August 30, 2004, 4:51 PM by DeeAnn Tiede

Two Extra Days For Washington & Roosevelt High Schools

Summer vacation came to an abrupt end for Sioux Falls public school students today. Nearly 20,000 children, grades kindergarten through 12th, headed back to class for another year of studying and tests.

That's 133 more students than last year. And when teens at two Sioux Falls high schools started their day, most had no idea they would be spending two more days in school this year than last year.

If you calculated all the steps all 2,036 Washington High School students take between classes, you might be left to wonder just how we ended up with a problem like childhood obesity. Students make trip after trip, bouncing back and forth from classrooms at one end of the building and then the other.

Senior Heather Barthelman could probably walk the path in her sleep, but if she did, she'd have to do it quickly. Heather Barthelman says, "Last year, I had to go from the end of the A-wing to the end of the E-wing. It took about 4 1/2 minutes waking fast and sometimes it was pretty close."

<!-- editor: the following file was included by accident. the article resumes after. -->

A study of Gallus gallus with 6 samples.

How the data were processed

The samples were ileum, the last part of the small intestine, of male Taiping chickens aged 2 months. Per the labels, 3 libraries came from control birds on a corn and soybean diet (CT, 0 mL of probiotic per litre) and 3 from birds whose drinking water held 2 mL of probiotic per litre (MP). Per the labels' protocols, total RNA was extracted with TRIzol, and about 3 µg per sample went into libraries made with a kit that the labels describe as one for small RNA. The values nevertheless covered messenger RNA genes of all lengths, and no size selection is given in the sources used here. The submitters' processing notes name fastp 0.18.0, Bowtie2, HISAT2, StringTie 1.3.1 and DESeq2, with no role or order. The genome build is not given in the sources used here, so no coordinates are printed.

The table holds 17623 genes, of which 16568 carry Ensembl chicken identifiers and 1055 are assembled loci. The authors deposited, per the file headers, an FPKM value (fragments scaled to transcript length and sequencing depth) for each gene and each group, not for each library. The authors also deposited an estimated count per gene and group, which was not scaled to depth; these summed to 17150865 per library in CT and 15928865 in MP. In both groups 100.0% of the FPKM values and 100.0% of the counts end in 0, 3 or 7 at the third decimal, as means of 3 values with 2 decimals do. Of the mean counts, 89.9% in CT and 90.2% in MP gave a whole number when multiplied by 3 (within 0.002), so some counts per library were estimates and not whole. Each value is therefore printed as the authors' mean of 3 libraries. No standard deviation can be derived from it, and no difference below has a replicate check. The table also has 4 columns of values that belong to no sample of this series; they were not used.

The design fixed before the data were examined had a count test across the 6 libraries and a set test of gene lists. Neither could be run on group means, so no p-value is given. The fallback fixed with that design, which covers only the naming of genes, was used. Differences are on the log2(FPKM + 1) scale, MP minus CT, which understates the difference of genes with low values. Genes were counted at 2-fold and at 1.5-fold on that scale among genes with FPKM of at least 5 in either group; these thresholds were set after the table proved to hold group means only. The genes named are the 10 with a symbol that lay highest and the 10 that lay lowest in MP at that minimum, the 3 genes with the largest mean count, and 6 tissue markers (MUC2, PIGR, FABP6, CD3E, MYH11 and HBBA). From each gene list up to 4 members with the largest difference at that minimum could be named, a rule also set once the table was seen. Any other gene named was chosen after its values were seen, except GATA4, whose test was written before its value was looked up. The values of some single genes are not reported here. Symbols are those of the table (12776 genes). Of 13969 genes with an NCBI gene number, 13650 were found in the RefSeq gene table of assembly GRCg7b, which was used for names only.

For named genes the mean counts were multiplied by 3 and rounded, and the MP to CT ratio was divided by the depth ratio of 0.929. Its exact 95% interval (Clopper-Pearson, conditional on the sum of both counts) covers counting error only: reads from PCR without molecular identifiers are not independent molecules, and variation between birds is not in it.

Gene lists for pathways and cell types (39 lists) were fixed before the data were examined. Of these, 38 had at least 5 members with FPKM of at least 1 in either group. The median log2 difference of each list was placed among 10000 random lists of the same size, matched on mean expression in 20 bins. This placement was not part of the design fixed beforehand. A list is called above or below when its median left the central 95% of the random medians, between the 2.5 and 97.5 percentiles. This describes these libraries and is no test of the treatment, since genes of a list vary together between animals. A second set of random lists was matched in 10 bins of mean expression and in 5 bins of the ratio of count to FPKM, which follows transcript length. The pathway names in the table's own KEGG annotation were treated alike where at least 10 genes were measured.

Since Washington added ten extra classrooms to its building, the walk got a even longer. So the school added five extra minutes to each day, giving kids another minute each time they move between classes.

Bill Hoff, the Washington High School principal says, "It's a long way. If you have to go from one end of the building to the other. There is probably no way you could do that at full speed in five minutes."

We wanted to see just how far it is from one end of the hall to the other, so we borrowed a measuring wheel from the city and reset it at zero.  At a brisk pace, we measure the hall keeping in mind there are 5,280 feet in a mile.

It's 938 feet, almost a fifth of a mile. So what do the extra steps and the extra time mean for students like Barthelman? This senior gave herself a homework assignment to find out.

Barthelman says, "I was just like - Wow. It's summer. It might as well do something. So five extra minutes, I bet that would probably equal a day and it ended up two days. I was like wow."

That's right. Five extra minutes a day equals two full school days. Still, administrators think it's a step in the right direction.

Hoff said, "They'll have to move right along. They will not be able to socialize."

Roosevelt High School also added classroom to their building and five extra minutes to their school day.